Use the Janice voice and say it with me: “Oh. My. God.”
In a Tuesday edition of Insider Trading on TSN, Darren Dreger unveiled what we’ll call his “Big Board.”
“First of all,” Dreger began. “(Maple Leafs general manager) Dave Nonis has reached out to a number of general managers to say, ‘you know what, we’re not ready to put the for sale sign up just yet, but get your offers ready. If there’s a particular player you want, get your offers ready because we’re going to do that at any time moving forward in the days ahead.'”
On the block are some of the nams we’d expect, including Cody Franson and Daniel Winnik. Tyler Bozak at 60 percent though? All caps: WOW.
Bozak has often received a bit of a rough ride at this humble Maple Leafs web log, in part as a result of former Leafs bench boss Randy Carlyle’s staunch reluctance to ever split him up from his mate – both room and line – Phil Kessel.
Over the past four years Bozak had produced even-strength offense at a rate comparable to some pretty good players, including Kyle Turris, Ryan O’Reilly, and Mike Cammalleri. The problem is, he’s managed that level production while tied to one of the best offensive players of the past half decade.
Without Kessel, the picture is bleak. In nearly 700 minutes away from Kessel at 5-on-5 over the past five seasons, Bozak has managed a grand total of 11 even-strength points. Meanwhile the Maple Leafs have been outscored nearly 2:1, and have controlled just a tick better than 40 percent of shot attempts. That’s replacement level production and two-way play.
In truth Bozak is probably somewhere inbetween a Turris/Cammalleri quality first-line point producer, and a replacement level nogoodnick. He’s got solid hands, decent speed, can kill penalties, factor in reasonably well on the power-play, and win some draws. There’s utility in that.
“Many might think that the 60 percent is a little high (for Bozak),” Dreger captioned, “but because of his cap number, there will be lots of interest in him.”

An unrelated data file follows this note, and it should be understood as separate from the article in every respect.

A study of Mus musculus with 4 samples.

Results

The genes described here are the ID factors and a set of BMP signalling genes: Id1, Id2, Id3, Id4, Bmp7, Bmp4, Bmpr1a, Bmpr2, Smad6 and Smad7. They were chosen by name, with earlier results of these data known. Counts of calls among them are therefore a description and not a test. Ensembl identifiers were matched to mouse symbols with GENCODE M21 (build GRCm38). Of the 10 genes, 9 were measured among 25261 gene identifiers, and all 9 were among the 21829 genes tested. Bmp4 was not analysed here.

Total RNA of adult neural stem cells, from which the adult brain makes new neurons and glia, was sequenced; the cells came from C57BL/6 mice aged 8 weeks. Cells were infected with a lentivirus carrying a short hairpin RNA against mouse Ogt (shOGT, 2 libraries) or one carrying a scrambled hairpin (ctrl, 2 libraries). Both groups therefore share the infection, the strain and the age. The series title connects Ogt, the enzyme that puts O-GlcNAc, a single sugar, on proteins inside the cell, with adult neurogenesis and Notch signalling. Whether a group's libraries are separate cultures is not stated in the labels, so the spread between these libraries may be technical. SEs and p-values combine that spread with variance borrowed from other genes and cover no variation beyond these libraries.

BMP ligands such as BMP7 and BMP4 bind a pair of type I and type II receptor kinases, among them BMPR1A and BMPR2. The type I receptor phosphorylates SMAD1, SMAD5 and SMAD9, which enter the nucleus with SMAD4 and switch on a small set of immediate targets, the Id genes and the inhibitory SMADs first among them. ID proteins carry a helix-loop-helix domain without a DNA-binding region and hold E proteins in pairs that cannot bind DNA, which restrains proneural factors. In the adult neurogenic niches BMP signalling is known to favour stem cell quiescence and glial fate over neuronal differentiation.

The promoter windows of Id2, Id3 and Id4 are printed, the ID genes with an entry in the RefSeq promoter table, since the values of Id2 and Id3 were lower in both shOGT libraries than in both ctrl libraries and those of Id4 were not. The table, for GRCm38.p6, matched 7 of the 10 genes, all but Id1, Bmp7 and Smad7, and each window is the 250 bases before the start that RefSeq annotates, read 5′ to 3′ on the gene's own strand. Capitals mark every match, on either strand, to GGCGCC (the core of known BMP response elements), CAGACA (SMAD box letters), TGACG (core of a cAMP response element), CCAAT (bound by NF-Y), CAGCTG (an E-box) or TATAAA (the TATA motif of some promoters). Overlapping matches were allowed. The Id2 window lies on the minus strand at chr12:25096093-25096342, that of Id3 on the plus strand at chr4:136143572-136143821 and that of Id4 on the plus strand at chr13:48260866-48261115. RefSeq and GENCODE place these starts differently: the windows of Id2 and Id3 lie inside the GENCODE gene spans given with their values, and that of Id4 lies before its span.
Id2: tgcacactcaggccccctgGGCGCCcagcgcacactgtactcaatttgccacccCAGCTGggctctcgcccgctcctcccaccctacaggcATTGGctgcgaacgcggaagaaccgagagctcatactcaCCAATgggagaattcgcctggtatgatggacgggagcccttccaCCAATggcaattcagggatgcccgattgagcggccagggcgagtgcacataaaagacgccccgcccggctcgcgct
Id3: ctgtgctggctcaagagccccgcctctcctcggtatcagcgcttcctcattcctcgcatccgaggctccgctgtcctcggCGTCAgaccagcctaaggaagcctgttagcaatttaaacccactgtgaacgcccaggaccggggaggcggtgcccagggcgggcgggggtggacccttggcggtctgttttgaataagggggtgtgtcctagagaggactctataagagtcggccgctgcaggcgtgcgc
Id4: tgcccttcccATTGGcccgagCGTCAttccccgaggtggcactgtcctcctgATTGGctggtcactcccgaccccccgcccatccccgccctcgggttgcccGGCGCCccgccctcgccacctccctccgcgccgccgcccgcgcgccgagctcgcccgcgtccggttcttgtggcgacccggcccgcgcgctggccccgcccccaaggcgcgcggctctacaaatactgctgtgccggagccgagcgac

What he’s demonstrably not is the sort of table-setting first-line centre that can help a good team tilt the ice in a favourable direction. If the Maple Leafs can find a trade partner who’ll value him like a top-six centreman on the market, it very probably makes sense to deal him – particularly considering the club’s cap crunch, and the need to sign Nazem Kadri to an extension this offseason.
As for some of the other names on this list, we covered the logic behind a possible Joffrey Lupul trade earlier this week. Lupul’s contract could prove a sticking point, particularly because of his extended injury history, but if the Maple Leafs can find a taker – that’s a deal that makes sense as they look to clear the decks for whatever it is that Brendan Shanahan, Kyle Dubas, Cam Charron (just kidding) and company have in store.
Finally we get to the lower end of the list, which includes Kessel, Dion Phaneuf and even Kadri. That there’s a roughly 1-in-3 shot of the Maple Leafs dealing Kadri is likely to cause some alarm bells to go off in southern Ontario, but realistically those odds are only 10 percent higher than the likelihood of the club dealing their best player and their captain. So whatever.
The takeaway, really, is that the Maple Leafs are open for business. As a team that can’t even consistently contend for a postseason spot and has a payroll at the upper limit of the salary cap, they should be.